French team ready to create its own magic for years to come

Published 16.07.2018 23:14
Updated 16.07.2018 23:16
French  supporters celebrate their team’s victory on the Champs Elysees.
French supporters celebrate their team’s victory on the Champs Elysees.

As the country celebrates its second World Cup title, France's young guns have now emulated or exceeded some of the national team's heroes of the past

There is nothing swashbuckling yet about this France side, no "carre magique," or magic square, of the team of the 1980s, when Michel Platini, Alain Giresse, Luis Fernandez and Jean Tigana were performing football conjuring tricks in midfield. Neither have they yet reached the stature of players such as Zinedine Zidane, Laurent Blanc, Robert Pires or Marcel Desailly from among the many big names of the 1998 World Cup winners. Yet the joint-second-youngest squad of the World Cup in Russia have left the tournament as world champions after defeating Croatia 4-2 in the final in Moscow's Luzhniki Stadium. Les Bleus have a second star to sew on their national team jersey. Players in their early 20s - or younger in the case of 19-year-old Kylian Mbappe - now already have a World Cup medal.

That is a feat three-time Ballon d'Or winner Platini never achieved in an era when France was considered one of the most attractive teams, but were twice beaten in semi-finals by West Germany - once on penalties in the first-ever World Cup penalty shoot-out - either side of a Euro 1984 title.

Players in the current France squad under Didier Deschamps, the 1998 captain, have emerged even stronger from their Euro final defeat two years ago against Portugal. The future appears to be theirs.

"I had a very young group, 14 of them, not at Euro 2016, were on a journey of discovery in the World Cup. But the quality was there," Deschamps said.

The 49-year-old former captain has a wealth of individual talent at his disposal. Some quality players from leading European clubs did not even make the squad. But the coach has constantly emphasized the collective. Organization and playing as a disciplined unit is the key for the pragmatic Deschamps, with the likes of Manchester United midfielder Paul Pogba - the 2014 young player award winner - sacrificing their usual attacking instincts to the team ethos. Their progress through the tournament has often been workmanlike, with the occasional flourishes of attacking flair, notably through Mbappe and Atletico Madrid forward Antoine Griezmann, who both scored four times in Russia.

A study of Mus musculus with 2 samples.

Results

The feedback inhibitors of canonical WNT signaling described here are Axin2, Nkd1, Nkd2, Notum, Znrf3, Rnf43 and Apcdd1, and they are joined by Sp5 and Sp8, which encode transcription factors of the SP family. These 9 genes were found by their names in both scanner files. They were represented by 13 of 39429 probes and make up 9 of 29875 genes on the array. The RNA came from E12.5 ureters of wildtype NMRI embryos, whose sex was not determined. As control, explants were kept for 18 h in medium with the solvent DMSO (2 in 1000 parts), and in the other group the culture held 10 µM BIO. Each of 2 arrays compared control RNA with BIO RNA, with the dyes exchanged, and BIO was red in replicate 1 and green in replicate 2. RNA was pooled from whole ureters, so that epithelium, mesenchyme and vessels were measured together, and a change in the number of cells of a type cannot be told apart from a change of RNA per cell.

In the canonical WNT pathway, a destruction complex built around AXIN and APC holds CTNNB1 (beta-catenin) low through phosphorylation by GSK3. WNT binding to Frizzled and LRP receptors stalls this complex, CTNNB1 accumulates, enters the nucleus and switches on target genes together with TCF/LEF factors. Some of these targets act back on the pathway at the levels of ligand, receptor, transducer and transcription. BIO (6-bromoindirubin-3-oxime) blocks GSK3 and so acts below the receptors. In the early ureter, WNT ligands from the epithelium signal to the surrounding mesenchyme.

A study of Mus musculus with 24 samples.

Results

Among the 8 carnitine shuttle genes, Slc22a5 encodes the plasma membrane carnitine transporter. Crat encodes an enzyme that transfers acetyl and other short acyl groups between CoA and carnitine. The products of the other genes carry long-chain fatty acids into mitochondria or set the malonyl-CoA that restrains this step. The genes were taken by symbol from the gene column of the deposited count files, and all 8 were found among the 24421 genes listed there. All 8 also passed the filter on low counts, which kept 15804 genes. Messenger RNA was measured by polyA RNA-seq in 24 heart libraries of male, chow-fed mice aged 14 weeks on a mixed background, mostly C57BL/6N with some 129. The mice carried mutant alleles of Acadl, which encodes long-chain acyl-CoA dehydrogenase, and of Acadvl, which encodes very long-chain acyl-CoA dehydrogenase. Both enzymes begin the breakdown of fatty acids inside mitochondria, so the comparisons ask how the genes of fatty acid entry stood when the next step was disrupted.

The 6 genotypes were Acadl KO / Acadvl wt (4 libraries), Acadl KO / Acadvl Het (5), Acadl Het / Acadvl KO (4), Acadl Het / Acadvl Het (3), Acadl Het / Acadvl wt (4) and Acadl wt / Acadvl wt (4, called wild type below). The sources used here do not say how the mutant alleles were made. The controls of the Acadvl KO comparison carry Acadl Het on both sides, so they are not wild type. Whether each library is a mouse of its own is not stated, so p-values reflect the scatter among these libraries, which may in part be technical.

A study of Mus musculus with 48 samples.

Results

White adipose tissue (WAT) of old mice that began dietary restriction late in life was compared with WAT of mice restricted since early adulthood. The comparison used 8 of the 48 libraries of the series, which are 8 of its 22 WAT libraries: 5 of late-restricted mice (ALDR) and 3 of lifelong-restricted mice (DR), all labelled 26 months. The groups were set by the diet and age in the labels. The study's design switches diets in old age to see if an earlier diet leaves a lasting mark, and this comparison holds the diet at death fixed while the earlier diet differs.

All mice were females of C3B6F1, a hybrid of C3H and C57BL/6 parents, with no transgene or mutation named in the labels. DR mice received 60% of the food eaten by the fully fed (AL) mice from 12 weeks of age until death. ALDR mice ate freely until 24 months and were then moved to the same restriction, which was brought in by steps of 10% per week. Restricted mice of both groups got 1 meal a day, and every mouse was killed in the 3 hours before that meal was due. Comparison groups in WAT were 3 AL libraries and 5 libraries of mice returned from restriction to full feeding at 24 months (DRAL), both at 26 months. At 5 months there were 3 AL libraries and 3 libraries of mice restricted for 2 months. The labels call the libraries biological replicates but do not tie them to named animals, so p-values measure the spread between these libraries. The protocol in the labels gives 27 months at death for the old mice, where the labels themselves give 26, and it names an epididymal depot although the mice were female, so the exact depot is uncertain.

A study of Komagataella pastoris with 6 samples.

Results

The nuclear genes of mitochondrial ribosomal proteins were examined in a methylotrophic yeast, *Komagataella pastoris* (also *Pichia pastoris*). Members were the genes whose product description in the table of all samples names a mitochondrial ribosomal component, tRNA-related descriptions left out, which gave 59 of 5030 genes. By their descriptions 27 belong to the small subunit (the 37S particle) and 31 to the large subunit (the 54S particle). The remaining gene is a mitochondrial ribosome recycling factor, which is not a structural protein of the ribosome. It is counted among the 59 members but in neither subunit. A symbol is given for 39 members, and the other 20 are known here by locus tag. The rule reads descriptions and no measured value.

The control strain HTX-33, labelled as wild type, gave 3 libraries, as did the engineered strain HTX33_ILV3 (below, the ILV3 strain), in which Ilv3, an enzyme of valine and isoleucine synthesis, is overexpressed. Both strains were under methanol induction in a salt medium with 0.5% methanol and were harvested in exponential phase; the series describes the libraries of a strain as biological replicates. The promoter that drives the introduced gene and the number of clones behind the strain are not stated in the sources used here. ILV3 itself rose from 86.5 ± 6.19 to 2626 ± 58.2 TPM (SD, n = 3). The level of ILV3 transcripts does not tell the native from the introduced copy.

Deschamps himself posed the question: "So, of course, the question to be asked is always: are France beautiful champions?"

"Well, we are world champion and France is going to be on top of the world for next four years. That's what needs to be remembered."

Deschamps took a soaking from some of his players before beginning his post-match press conference. For the coach, this only showed that these World Cup winners are young lads. Perhaps less playful players would not have won the trophy. Mbappe became the second-youngest goalscorer in a World Cup final, after Pele, arguably the greatest player of all time, who was 17 when he scored for Brazil against Sweden in the 1958 World Cup final. Mbappe, signed by Paris Saint-Germain from Monaco, has now eclipsed his Brazilian club team-mate Neymar at the tournament. A new global star has clearly emerged, with Mbappe representing a gradual changing of the guard as both Lionel Messi and Cristiano Ronaldo find themselves the wrong side of 30. Most commentators believe he and Les Bleus are destined for even greater things, as the team and its individual players can only get better.